Girls’ Giving Fund provides second-year grant to EATS | ParkRecord.com

Girls’ Giving Fund provides second-year grant to EATS

A large group of young girls in Park City are running lemonade stands, walking dogs and babysitting — not to make money for themselves, but to donate the funds to nonprofits in the area.

The girls are members of the Girls’ Giving Fund, which recently awarded its second donation to the nonprofit EATS Park City.

The organization was founded last year by Paige Rock, who is now 13 years old. Her mother had invited her to join the Park City Community Foundation's Women's Giving Fund, but Rock decided to unite young girls in the community and form their own giving fund.

The group now has 107 members, up from 85 members last year. Lauren Vitulli, mentoring coordinator for the Girls’ Giving Fund, said the majority of the girls are between the ages of 10 and 13.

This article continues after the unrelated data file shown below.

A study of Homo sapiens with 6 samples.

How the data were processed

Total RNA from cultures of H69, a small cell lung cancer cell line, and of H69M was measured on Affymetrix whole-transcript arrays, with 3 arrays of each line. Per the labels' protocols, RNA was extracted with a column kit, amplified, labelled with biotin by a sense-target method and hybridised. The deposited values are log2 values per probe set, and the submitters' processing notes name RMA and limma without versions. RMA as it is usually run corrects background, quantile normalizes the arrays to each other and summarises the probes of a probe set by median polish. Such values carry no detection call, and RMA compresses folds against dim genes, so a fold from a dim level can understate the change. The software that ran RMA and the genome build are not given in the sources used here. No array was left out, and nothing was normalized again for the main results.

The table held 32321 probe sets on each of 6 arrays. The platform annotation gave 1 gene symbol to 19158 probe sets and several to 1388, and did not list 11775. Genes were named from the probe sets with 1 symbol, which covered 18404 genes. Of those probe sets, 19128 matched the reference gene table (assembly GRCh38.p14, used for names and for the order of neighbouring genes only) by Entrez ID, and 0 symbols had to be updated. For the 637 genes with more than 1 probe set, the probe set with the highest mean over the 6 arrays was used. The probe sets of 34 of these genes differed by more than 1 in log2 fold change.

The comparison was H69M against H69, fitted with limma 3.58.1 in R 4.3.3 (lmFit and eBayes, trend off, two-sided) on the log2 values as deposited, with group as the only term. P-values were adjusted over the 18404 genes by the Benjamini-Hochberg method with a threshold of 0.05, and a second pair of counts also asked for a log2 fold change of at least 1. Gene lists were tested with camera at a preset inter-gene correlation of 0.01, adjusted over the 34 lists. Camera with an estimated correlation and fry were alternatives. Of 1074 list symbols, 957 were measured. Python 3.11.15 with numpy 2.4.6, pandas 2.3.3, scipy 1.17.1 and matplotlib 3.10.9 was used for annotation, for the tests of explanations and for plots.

To see that dedication in young girls is incredible, she said.

"I wish I had the insight and foresight that they have as eighth-graders," she said. "They are amazing."

Recommended Stories For You

The girls pay $100 to join the group, which Rock said most girls pay by working all year to raise money. Each year, the fund's founding members select three nonprofits that benefit young girls as finalists to receive the annual donation. Then, all members vote on which one they want to be the recipient.

EATS Park City, which stands for Eat Awesome Things at School, provides classes and other programming to educate youth and their parents about healthy eating.

The money for the $2,500 EATS donation came from membership fees, as well as money raised during last year's witch's brew, a fundraiser where the members and their mothers dressed up as witches. Last year, the girls donated $5,000 to the nonprofit Big Brothers Big Sisters of Utah.

Rock said it is incredible to see the fund thriving in its second year, and she is eager to see it continue to grow.

"I love seeing a bunch of different girls of different ages in Park City give back to the community," she said.